Of gas and fertilisers: Engro’s plant to be shut down for 45 days

Engro fertiliser plant Daharki scheduled to shut down for 45 days adhering to government’s gas load management plan.


Mobin Nasir January 05, 2011

KARACHI: Engro’s newly-inaugurated fertiliser plant at Daharki is scheduled to shut down for 45 days, within two weeks of starting production, adhering to the government’s gas load management plan.

“The facility will shut down from January 7 to February 21,” a company official told The Express Tribune.

The plant, which is the world’s biggest single-train facility for ammonia and urea production, initiated  output on December 26 and December 29, respectively.

“Under the gas load management plan announced by the Economic Coordination Committee (ECC), all fertiliser plants have to shut down for a specified time period,” explained Engro Corporation Vice-President Communications Tahir Jawaid.

The new plant has a capacity to produce 1.3 million tons of urea a year but output has not reached peak levels. “All operations have been initiated successfully and we will gradually increase output,” said Jawaid.

He added that the company’s older fertiliser plant, powered by Mari gas field, is currently receiving 12 per cent less gas supply.

Engro Fertiliser Chief Financial Officer Naz Khan had said the new plant would help the company cater to 31 per cent of total domestic  urea demand, which stood at 6.4 million tons last year.

Local production, however, tallied at just 5.2 million tons and the shortfall had to be met through imports.

CCP probes fertiliser companies

The Competition Commission of Pakistan (CCP) has sent letters to all local fertiliser manufacturers asking them to explain the rationale behind the recent increase in prices.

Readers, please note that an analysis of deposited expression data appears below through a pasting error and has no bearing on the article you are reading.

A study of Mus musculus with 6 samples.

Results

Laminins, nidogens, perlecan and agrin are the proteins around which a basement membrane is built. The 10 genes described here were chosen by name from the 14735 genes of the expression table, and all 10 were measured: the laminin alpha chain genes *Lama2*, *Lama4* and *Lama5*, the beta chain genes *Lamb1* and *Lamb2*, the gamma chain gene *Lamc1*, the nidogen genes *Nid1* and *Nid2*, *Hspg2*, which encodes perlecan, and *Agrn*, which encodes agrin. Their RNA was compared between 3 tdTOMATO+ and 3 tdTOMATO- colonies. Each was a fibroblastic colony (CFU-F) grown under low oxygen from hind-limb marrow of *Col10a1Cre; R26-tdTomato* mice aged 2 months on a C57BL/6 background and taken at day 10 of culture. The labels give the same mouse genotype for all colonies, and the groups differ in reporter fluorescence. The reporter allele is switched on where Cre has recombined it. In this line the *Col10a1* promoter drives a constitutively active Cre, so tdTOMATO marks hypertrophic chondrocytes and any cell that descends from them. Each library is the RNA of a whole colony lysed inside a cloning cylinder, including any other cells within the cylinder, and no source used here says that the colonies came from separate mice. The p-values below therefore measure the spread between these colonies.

A CCP official confirmed that letters have in fact been sent to the companies but clarified that these were not legal notices. He added that legal notices may be issued to manufacturers if the responses were not satisfactory, or if the commission suspects price manipulation through cartelisation.

The issuance of letters comes just days after the Fertiliser Price Review Committee (FPRC) of the federal ministry of industries and production asked for an explanation from Engro Fertiliser about why it had increased urea prices by Rs190 per 50-kilogramme bag. “Representatives of the company met with federal and provincial secretaries and other relevant officials on Tuesday to explain the hike,” a company official told The Express Tribune.

He explained that gas load management had forced plants to operate at inefficient levels of production, driving up the price of fertiliser.

Recommendations forwarded to PM

The Fertiliser Price Review Committee (FPRC) has recommended to the prime minister that gas load management be curtailed to 30 days instead of 45 days as per practice of previous years. The committee has also recommended that the decision of providing gas to fertiliser manufacturing companies from the Mari gas field should be implemented immediately.

Under directives of FPRC Chairman Mir Hazar Khan Bijarani – who is also the federal minister for industries and production, a summary concerning both recommendations has been prepared and sent to the prime minister for approval.

If the recommendations are implemented, it is estimated that about 200,000 tons of urea can be manufactured locally within a 15-day period.

The meeting was attended by a delegation of fertiliser manufacturers, led by Engro CEO Asad Umar. They assured the committee that prices of urea would be reduced once the government improved gas supply.

Moreover, a two-member delegation comprising the federal secretary industries and production and federal secretary food and agriculture has been tasked to negotiate with Saudi authorities for the immediate import of 225,000 tons of urea through the Saudi Basic Industries Corporation (Sabic).

Published in The Express Tribune, January 6th, 2011.

COMMENTS (2)

A Pakistani | 10 years ago | Reply After moving through crawl, walk and run stages, a plant starts production. The Engro plant started to run and had to stop production due to gas load management. Why was the Engro plant scheduled for production during the winter season?
M. Ahmed | 10 years ago | Reply After moving through crawl, walk and run stages, a plant starts production. The Engro plant started to run and had to stop production. Why was the Engro plant scheduled for production during the winter season?